Shamrock to start new $250 million Israeli fund
Shamrock Holdings, the Disney family's investment branch, is planning a new fund of at least $250 million for further investments in Israel. The fund will be established within a year, after Shamrock completes investing the monies in its present fund, according to capital market sources. Shamrock began investing in Israel in the mid-1980s and has put about half a billion dollars into Israeli companies since then.
The fund operates as a private equity investor, mostly in industrial firms with an export bias. A number of Shamrock's holdings, such as Koor and Tadiran Communications, have been sold off with particularly high profits.
Two and a half years ago Shamrock established another fund for continued investments in Israel, with $125 million. It has already invested half of this sum in Teva Naot, Kaman Trade, Orad and other companies and is negotiating toward additional investments, particularly in kibbutz-owned industries. It is thought that the remaining funds will be invested within a year.
Stanley Gold, President of Shamrock and the person responsible for its investments, refused to comment on the size of the new fund, say only that the Disney family would continue to invest in Israel.
"The Disney family is committed to a further fund when this one ends. The family is very pleased with its investment portfolio in Israel and believes in the Israeli economy. We have been here for over 20 years, and in that number of years you make friends, partners and money. You would have to be crazy not to continue," Gold said.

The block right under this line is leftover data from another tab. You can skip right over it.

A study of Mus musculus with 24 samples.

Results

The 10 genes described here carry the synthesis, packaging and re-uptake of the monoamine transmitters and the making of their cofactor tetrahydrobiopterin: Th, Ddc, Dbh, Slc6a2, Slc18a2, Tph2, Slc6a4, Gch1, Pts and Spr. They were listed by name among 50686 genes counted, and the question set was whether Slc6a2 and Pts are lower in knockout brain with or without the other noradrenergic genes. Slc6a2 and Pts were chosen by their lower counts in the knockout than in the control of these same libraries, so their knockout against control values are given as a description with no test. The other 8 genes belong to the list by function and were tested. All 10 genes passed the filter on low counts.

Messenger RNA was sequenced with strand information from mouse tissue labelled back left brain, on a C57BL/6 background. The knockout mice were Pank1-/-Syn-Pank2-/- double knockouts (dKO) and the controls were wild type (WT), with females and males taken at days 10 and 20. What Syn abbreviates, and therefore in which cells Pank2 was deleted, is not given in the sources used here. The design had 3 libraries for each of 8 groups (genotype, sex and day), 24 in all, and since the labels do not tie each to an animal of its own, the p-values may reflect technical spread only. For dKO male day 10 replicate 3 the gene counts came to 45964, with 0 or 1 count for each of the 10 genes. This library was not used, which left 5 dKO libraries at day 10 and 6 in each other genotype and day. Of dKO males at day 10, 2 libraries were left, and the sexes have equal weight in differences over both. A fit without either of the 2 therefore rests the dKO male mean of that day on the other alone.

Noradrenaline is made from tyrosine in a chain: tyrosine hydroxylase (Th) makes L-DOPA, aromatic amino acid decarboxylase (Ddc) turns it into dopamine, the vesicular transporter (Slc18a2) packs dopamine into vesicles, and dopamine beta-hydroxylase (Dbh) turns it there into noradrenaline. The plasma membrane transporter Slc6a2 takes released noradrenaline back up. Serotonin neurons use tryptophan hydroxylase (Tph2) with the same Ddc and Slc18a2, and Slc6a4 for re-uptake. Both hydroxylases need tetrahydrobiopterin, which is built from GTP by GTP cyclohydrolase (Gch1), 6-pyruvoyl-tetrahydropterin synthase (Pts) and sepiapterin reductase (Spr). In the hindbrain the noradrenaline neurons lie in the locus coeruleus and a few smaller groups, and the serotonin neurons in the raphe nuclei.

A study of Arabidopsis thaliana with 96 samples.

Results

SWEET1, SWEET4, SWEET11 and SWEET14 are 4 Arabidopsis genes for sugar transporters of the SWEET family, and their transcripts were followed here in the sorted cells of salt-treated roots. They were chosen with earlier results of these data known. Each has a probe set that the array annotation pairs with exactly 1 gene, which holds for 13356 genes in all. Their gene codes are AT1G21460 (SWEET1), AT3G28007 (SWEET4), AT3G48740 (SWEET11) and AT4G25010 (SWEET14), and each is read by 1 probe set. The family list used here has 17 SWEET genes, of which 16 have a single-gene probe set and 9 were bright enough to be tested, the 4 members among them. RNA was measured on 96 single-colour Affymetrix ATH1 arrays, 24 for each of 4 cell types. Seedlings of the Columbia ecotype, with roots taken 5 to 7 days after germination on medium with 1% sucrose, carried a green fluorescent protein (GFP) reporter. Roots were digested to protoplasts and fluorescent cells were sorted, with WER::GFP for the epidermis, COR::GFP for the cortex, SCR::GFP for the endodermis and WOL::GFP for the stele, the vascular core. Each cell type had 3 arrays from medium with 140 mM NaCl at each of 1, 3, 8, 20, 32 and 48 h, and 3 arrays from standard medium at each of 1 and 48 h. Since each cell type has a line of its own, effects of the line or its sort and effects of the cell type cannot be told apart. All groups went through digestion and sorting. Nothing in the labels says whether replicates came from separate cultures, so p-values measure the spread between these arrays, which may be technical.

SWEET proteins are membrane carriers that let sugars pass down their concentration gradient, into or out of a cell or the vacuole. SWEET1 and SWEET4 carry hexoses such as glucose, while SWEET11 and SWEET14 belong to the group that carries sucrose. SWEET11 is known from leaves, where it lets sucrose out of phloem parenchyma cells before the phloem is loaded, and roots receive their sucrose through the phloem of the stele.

According to Gold, the fund's profits measured by the internal rate of return (IRR) reach 31 percent on its investments this year.
The new fund is expected to perform even better than its predecessors. "I have never seen a better economic climate here," said Gold. He gives credit to the present political and economic leadership, but also mentions Benjamin Netanyahu's reforms as finance minister in the previous government.
Shamrock held an investor's meeting in Israel last week, attended by many senior executives and investors from Israel and abroad - though it refused to publish the names of most of those attending.
Among those attending was John Myers, former CEO of GE Asset Management, General Electric's $200 billion investment subsidiary. He is now the CEO of Forstmann-Leff investments.
Myers told TheMarker that he sees a surplus of capital over investment opportunities, but nevertheless believes that company values are excessive as a result. However, experience has shown that surplus capital does lead to bubbles, he said. He recommended to Israelis looking to invest overseas to find a local partner who knows the general atmosphere and investing rules in the country, pointing to the way that he brought GE to invest in Israel via Shamrock as an example.